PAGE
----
Neighborhood involvement

We checked in with the outraged neighbors at their protest of the new wireless antenna installation at Fremont and 37th in Portland this evening. There were three dozen or so people, mostly kids, standing out in the rain, holding signs and selling home-baked goods to try to scratch together attorney's fees to mount a legal challenge. Lots of horn honks from passing drivers, presumably of support.

Probably the strongest argument that the opponents will have is that the Fremont location does not comply with the city's siting standards for such equipment. The city's new system is supposed to maximize placement of these antennas on poles along streets designated as "priority" on the city's official map for the purpose. The Fremont right-of-way is priority 4 -- the lowest priority -- with the priority 2 venue of 33rd Avenue just four blocks away.

As best we can tell, while the city's map sounds good in theory, for the cell companies the key is finding an adjacent private property owner who is willing to have the ground equipment for the antennas located on his or her lot. At 37th and Fremont, the willing owner was the Wilshire Market, which is suffering a boycott now for having gotten in bed with Clearwire. At 23rd and Stanton, the owner is Qwest, which has a huge modern switching station tucked inside a historic building there. They'll presumably house the Clearwire equipment and collect rent for the privilege. But without a nearby landowner to go along, all the priority maps won't do the cell people any good at all.

But they'll probably get their way. The city criteria for siting are vague indeed, with the cell phone devils' "coverage needs" given as a sort of sick touchstone. It will likely be an uphill battle for the opponents, no matter how many cookies were sold.

Meanwhile, a couple of commenters on previous posts wondered how tall the poles at the new locations would be. Just to get some idea, we cruised down to NE 26th south of Fremont to view this AT&T installation. Having been slapped up with no notice to nearby residents before the new rules took effect, it is a large part of what has the northeast neighbors upset. We had to tilt our camera to get the whole thing into the frame:

Is that 60 feet? We're told that the 37th and Fremont pole will be about 60 feet tall, and that at 23rd and Stanton, they're talking 90 feet, because the signal needs to clear some of the neighborhood's grand century-old trees. What is becoming of our neighborhoods under the Adams "administration"? With one insult after another, it's gotten pretty shameful. As Portland's businesses head for happier climes, people looking for livability may not be far behind.

Comments (8)

One nit:
The Clearwire rep said that their tower had a cylindrical cover at the top and the picture he showed was a lot less diameter than in your photo. The tower allegedly will be brown to look like wood with the top portion, perhaps, half again to double the diameter of the nearby pole.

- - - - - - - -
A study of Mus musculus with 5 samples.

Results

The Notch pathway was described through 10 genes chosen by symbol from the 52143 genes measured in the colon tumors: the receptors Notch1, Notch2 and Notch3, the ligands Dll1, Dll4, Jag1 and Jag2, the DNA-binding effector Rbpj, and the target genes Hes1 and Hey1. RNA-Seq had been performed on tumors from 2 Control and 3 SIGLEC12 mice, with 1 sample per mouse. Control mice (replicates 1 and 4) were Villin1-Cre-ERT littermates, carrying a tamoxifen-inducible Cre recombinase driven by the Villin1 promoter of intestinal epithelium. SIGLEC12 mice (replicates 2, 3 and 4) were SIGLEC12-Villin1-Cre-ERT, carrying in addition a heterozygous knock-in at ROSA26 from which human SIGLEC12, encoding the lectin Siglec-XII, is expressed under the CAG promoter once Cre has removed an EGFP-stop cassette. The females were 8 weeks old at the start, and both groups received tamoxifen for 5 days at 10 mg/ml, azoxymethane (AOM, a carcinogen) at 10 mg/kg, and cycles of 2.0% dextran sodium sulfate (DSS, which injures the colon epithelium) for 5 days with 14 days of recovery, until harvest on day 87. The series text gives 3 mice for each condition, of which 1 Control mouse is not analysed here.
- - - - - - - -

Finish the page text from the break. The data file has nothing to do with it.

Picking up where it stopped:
The higher height will reduce ground level RF levels since it puts the source further away from (ie: above) nearby houses. Especially since the energy is focused away from the nearby ground which is, presumably, off axis.

Once you start looking at the top of poles, you find that there is already a lot of unsightly junk up there: transformers, capacitors, lots of wires.


Adams knows about this activity, and approves of it (and has approved of it in the past).

Poor Sam...he's lost, and doesn't even know it. Where's the "sustainability" in this one, Mayor?

Clearwire also wants to add some of its equipment to the bell tower of the Rose City Park United Methodist Church at 58th and Alameda. Although I'm not a part of that congregation, if it's like other old, declining churches around town that I have visited, I'm sure they could really use the money.

And that's all the companies have to do, peel off one landowner who's really hurting for cash. It would suck to have all your neighbors hate you for installing a tower in your yard, but it would suck even more to not be able to afford food and heat. Or if you're an absentee landlord, it's a nice extra bump in rent for your property and who gives a f**k what the neighbors think?

And for the record, the sellout housing the ground equipment for the antenna pole pictured on NE26th, is Fremont United Methodist Church. Fine neighbors indeed.

So if you have a Methodist church in your neighborhood, discretely inquire as to the state of its finances, and if the response is troubling, post a lookout in the parking lot to pelt the Clearwire truck with eggs when it shows up.

Where's the outraged neighbors re: the property on 1890 house they're going to demolish on 15th and Hancock? 49 condos coming to a 10,000 square foot lot near you.

One of the tricks the city plays so well is directing many problems at us. This keeps people so busy on one or two, simply difficult to have time or energy for more. . . but if we could unite . . .

When spider webs unite, they can tie up a lion.
Source: (Ethiopian)

And I am sure that every one of you protesting this has a cell phone in your pocket, how the hell do you think those things work? Also, good luck treating the brain tumor that ensues from having that thing glued to the side of your head.